Malcom Gladwell coined the term “tipping point” which refers to a point in time where a certain specific event changes the course of history. One such decision came on April 30, 1956 in Rochester, New York of all places. Two men made a decision that would alter the course of a sports league as we know it.
When Jackie MacMullen, Rafe Bartholomew and Dan Klores released their “Basketball: A Love Story” late last year, I was first in line at my local bookstore to buy it. The corelating, ten-part ESPN series has since escaped me but I looked to the book, a collection of stories and quotes from essentially every big name in the game since its inception, to enlighten me on what basketball has meant to them. I figured I’d also learn a little something in the process.
I hereby present a series entitled “Things I Learned from Basketball: A Love Story.”
Episode One: Bill Russell and the decision to bring him to Boston
Bill Russell was a dominant college basketball player. He won back-to-back national championships at the University of San Francisco. This was before Wilt Chamberlain. This was before Lew Alcindor. This was before pretty much any NBA player of note other than George Mikan.
Red Auerbach was coaching the Boston Celtics at the time and has his eye on the young, talented and game-changing Russell. This was the mid-fifties and a different America. Let me allow the authors tell you what happened in their own words…
“The Boston Celtics played 10 forgettable seasons before their fortunes changed on April 30, 1956, the day coach Red Auerbach dealt the No. 7 pick, along with Ed Macauley and Cliff Hagan, to St. Louis for the No. 2 pick.
Auerbach fervently hoped to draft William Fenton Russell, a defensive specialist who played at the University of San Francisco, but first he had to convince the Rochester Royals, who had the No. 1 pick not to snag Russell themselves. Celtics owner Walter Brown intervened, dialing up Royals owner Les Harrison and offering him a week of free performances by the Ice Capades (which Brown owned). Squeamish about Russell’s demands for a $25,000 signing bonus, Harrison agreed to pass on the center.”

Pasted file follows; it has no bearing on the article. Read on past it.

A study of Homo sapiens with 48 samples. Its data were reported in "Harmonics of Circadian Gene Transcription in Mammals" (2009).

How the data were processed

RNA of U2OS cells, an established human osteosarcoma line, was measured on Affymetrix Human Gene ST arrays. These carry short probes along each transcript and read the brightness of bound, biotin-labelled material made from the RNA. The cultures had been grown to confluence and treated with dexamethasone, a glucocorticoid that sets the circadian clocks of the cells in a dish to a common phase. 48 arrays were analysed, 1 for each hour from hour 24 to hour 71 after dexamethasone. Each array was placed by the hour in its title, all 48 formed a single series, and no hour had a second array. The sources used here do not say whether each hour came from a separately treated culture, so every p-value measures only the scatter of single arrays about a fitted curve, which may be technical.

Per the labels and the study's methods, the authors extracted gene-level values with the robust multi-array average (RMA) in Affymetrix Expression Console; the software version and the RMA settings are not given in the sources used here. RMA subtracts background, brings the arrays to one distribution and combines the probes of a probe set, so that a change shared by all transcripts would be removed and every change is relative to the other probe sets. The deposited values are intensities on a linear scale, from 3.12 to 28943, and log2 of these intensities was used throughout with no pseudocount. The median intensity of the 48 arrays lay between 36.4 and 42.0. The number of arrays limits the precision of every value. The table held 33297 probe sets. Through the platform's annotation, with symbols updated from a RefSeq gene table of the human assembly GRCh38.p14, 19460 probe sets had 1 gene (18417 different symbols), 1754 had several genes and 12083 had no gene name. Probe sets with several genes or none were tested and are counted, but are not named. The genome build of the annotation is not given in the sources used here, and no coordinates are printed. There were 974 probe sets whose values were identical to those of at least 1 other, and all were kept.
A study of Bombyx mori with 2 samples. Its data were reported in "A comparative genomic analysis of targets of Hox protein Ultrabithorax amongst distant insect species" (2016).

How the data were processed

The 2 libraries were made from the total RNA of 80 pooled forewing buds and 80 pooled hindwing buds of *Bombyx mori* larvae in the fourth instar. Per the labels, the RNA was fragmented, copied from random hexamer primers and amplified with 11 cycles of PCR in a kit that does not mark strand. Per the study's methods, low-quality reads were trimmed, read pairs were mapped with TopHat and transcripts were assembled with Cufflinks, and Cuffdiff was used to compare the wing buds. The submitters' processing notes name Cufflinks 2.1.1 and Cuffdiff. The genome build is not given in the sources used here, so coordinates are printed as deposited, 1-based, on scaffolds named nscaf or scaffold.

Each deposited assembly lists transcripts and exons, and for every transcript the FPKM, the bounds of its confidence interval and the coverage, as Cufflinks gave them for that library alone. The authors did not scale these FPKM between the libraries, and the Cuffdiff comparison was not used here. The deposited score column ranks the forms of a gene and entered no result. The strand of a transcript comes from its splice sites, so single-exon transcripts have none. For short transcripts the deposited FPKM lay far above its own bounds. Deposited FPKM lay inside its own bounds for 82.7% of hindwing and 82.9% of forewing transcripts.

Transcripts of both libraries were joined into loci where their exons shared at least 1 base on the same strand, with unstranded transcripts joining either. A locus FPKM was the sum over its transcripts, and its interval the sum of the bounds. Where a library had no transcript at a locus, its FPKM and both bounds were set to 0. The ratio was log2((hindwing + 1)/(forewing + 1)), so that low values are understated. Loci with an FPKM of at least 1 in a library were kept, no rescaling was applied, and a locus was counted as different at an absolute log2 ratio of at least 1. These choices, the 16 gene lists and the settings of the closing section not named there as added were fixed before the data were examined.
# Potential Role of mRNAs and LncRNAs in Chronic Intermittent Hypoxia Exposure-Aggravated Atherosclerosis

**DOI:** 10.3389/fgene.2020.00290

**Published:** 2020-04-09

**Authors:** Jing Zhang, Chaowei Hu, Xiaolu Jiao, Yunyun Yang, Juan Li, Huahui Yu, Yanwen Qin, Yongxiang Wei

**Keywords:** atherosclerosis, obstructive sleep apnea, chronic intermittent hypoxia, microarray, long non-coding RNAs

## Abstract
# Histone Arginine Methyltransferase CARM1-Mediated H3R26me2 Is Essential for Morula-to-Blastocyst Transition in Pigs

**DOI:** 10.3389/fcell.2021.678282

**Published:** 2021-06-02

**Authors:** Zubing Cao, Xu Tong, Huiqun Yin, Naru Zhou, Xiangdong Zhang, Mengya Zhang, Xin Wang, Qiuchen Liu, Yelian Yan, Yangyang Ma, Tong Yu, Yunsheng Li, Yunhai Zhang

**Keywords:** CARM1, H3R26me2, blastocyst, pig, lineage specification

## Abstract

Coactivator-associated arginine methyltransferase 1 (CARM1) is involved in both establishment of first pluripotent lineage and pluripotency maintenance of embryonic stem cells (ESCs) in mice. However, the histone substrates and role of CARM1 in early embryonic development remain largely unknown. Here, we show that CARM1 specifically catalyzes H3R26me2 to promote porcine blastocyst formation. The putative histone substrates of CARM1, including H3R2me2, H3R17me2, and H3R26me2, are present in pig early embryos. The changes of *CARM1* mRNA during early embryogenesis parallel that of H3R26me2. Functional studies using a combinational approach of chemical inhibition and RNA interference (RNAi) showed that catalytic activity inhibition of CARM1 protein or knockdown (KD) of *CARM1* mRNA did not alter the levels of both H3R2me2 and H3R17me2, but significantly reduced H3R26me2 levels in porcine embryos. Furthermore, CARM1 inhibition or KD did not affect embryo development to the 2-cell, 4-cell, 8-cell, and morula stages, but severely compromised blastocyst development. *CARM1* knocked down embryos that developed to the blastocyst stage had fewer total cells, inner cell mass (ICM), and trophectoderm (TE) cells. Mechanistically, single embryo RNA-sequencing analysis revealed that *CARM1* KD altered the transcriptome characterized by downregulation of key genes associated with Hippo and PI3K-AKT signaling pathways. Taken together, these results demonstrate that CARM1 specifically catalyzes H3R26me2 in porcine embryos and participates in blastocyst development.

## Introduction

As you know, the rest is history. Russell would go on to win nine championships as a player and two more as player/coach with the Boston Celtics. He became, and still is, the most celebrated champion in NBA history. He redefined the blocked shot, the art of the rebound and more importantly, the way African-Americans were perceived in the league. The man, still smiling to this day, has the Finals MVP award named after him and a statue erected in his honor outside Boston City Hall, both deservedly so.
But can you imagine if Russell had gone to the Rochester Royals?!? Maybe they would have become a powerhouse, changing the course of that franchise and its city, but not likely with only Russell and no Auerbach calling the shots. And without Russell, there’s no way the Celtics would have run off that string of eight straight NBA championships. Not a chance.
No offense to the good people of Rochester but they’re not getting a professional sports franchise any time soon. In fact, for the decision of one man (who clearly was too fond of the Ice Capades), Rochester should be doomed to insignificance forever. An owner making a bone-headed call of that variety in this day and age would have fans calling for his head. Not too long after Boston selected Russell, the Royals folded, moved to Cincinnati then Kansas City and ultimately became the Sacramento Kings.
To think how things would have been different had Auerbach not finagled that deal and had the Royals, not the Celtics, taken Russell. It’s safe to say the NBA would not have been the same.
The decision to draft Russell is the perfect starting point for their book. Odd how things work out sometimes, isn’t it? They could have more aptly named the chapter “How Ice Capades changed the NBA forever.”
Oh… and the answer to your trivia question, what player was drafted first overall in 1956 ahead of Bill Russell? That would be Si Green out of Duquesne. Green would not go on to win eleven championships, he’d win not even one. But as we now know thanks to Basketball: A Love Story, in his own way, Green would change the game of basketball forever.